The National Party will not participate in the Government's inquiry into the constitution because it is a "political stunt", leader Don Brash announced today.
"The Labour Party wants to play politics with this issue, we're saying we're not buying into this charade," he told reporters.
There was a national debate on the issue of the constitution and the Treaty of Waitangi which was started by the National Party, Dr Brash said.
The National Party dislodged Labour from the top of the polls for a while after Dr Brash's January speech at Orewa called for an end to preferential treatment for Maori.
National had made it's position on the Treaty clear and would bring constitutional issues into focus in the lead up to next year's election, he said.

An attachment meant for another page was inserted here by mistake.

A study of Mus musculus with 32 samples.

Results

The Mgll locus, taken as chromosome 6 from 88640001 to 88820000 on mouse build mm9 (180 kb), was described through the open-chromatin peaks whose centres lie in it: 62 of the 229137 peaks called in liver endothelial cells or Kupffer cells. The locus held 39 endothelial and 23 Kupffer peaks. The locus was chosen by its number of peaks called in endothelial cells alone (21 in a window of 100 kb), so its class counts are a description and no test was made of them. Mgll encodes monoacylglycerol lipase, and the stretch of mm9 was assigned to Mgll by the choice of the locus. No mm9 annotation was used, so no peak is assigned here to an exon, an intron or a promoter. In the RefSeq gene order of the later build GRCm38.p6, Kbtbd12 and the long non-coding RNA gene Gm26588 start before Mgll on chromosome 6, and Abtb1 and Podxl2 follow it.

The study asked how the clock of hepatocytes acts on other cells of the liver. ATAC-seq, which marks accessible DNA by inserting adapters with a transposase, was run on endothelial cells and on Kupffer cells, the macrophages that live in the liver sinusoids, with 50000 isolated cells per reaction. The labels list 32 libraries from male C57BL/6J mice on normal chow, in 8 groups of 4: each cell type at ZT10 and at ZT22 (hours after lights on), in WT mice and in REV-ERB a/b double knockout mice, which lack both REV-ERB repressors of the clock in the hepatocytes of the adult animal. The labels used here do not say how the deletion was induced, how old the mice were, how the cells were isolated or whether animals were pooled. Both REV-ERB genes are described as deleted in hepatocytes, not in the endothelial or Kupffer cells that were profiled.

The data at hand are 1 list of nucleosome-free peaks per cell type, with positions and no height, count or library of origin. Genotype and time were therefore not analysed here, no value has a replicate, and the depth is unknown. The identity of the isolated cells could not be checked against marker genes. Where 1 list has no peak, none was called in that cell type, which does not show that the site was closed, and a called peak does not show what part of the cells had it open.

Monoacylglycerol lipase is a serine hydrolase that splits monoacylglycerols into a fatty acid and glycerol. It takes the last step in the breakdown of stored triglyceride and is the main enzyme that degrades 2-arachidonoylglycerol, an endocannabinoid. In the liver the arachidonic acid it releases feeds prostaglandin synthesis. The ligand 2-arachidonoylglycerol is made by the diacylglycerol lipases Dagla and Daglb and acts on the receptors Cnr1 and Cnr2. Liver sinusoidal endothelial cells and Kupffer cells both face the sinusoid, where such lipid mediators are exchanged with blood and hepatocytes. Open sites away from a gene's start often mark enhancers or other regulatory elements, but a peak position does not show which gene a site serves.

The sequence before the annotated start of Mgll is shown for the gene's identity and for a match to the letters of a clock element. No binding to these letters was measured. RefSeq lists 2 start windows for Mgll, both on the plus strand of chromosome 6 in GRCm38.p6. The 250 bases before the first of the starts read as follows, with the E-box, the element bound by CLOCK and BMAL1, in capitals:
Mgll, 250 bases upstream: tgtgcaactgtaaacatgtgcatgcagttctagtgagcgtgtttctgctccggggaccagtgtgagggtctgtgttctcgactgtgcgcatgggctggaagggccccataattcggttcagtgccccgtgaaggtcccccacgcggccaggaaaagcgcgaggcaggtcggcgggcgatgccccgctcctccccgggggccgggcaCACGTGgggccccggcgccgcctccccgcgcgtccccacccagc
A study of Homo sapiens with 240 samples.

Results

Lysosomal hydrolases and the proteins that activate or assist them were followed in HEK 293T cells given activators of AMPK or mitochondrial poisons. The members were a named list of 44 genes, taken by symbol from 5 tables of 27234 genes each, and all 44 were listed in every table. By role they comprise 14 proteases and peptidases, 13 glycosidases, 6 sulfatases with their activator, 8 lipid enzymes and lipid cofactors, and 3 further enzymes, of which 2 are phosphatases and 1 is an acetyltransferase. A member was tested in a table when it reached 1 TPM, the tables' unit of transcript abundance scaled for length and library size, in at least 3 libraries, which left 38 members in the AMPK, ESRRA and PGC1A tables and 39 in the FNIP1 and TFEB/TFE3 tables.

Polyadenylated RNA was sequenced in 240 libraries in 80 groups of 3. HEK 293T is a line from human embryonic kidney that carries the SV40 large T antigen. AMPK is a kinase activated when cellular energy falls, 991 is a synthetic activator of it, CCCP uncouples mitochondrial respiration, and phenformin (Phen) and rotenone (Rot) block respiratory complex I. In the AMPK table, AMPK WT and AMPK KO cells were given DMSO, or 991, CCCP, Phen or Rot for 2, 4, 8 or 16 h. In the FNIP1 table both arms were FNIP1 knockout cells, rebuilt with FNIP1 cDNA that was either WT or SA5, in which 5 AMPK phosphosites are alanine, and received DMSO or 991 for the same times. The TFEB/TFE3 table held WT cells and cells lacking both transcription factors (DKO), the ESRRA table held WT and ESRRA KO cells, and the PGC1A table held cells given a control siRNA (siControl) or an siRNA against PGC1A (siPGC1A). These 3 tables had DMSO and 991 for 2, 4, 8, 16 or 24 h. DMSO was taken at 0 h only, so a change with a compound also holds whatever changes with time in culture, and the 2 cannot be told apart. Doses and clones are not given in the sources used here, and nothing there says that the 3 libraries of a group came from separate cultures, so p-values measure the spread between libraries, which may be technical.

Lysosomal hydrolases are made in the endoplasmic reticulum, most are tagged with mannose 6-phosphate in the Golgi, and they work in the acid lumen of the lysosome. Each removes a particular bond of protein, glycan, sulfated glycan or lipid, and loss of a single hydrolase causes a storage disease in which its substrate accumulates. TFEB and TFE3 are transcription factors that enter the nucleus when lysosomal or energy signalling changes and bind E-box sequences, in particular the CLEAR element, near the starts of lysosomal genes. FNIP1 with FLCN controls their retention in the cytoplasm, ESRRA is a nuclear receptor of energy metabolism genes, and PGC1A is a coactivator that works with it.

The constitutional review will be chaired by United Future leader Peter Dunne, who has pushed for the inquiry and wants New Zealand to become a republic. It has been welcomed by the Green Party.
New Zealand First leader Winston Peters announced yesterday his party would not participate in the review, which he said would be a waste of taxpayers' money.
ACT justice spokesman Stephen Franks said today his party would take part in the review.
"We will do our parliamentary duty," he told NZPA. "But if this turns into a farce, we won't be staying."
With Mr Dunne as chairman it was "doubtful anything useful will be achieved", Mr Franks said.
Helen Clark said yesterday National and NZ First needed to think about their credibility. "I think it would be to the detriment of other parties if they didn't participate, but that's up to them," she said.
The Labour Party released a statement earlier today highlighting cross-party support for an inquiry into the constitution received from a parliamentary committee in 2003.
During deliberations on the Supreme Court Bill, the justice and electoral selection committee unanimously agreed to an inquiry into New Zealand's constitutional arrangements, committee chairman and Labour MP Tim Barnett said.